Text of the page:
Moss How to grow moss

by Vicki Payne
as seen on For Your Home


Virtually Maintenance-free…
- No Mowing
- No Fertilizers or Pesticides
- No watering once established
- No Liming or De-Thatching
- Little to no weeding once established

Moss is becoming increasingly popular as an alternative to grass and other conventional groundcovers for shady areas. Not only is moss visually soothing, but it also requires little to no maintenance once established. By growing moss, gardeners eliminate the mundane chore of mowing grass, and free up more time to focus on what they enjoy most - gardening!

Growing Environment - How to grow moss
The four factors that will most greatly impact the survival rate of re-located moss are:
- Adequate moisture
- Shade
- Humidity
- Soil pH/soil type

Obviously the most difficult to control is humidity. A mister helps eliminate this problem. If, however, the other three conditions are satisfied, then there is a very high probability of survival. In order to stack the deck in one's favor, the following guidelines MUST be followed in order to successfully grow moss:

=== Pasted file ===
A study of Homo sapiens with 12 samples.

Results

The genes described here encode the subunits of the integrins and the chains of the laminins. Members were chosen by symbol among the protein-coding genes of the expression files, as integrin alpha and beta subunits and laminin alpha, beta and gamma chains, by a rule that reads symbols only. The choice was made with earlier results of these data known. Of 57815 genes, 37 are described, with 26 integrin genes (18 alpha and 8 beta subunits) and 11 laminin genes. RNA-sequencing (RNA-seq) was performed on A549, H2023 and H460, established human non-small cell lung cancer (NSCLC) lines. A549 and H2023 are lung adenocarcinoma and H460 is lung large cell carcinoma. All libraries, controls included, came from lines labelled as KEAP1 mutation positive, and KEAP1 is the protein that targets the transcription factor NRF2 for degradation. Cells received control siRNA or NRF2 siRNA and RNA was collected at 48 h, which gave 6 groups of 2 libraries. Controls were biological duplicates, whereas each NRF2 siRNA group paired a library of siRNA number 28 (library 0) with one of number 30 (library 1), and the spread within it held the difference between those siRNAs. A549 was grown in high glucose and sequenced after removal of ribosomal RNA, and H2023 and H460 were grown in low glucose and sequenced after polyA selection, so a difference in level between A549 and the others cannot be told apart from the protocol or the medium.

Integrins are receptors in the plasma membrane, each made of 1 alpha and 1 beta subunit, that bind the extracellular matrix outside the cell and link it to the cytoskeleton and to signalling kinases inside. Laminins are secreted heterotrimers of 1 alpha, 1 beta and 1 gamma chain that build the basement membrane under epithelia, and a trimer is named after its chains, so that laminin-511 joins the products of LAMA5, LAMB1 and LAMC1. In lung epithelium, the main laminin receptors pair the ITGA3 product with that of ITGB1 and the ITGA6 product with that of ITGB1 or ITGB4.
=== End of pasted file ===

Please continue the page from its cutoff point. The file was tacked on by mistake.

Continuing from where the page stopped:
1. Select the proper location for the moss garden(s)
This is by far the most important consideration. Most mosses prefer a medium to fairly dense shade. Direct afternoon sun should be avoided. Northern or eastern facing slopes in the woods are by far the best choice for growing moss.

2. Amending Soil pH
Mosses prefer growing on firmly packed acidic soils with a pH between 5.0 and 5.5. To amend soil pH.

3. Regular Watering/Misting
This, with no question, is absolutely imperative if moss is to survive transplanting. The area must be kept moist at all times for at least the first three weeks following transplanting.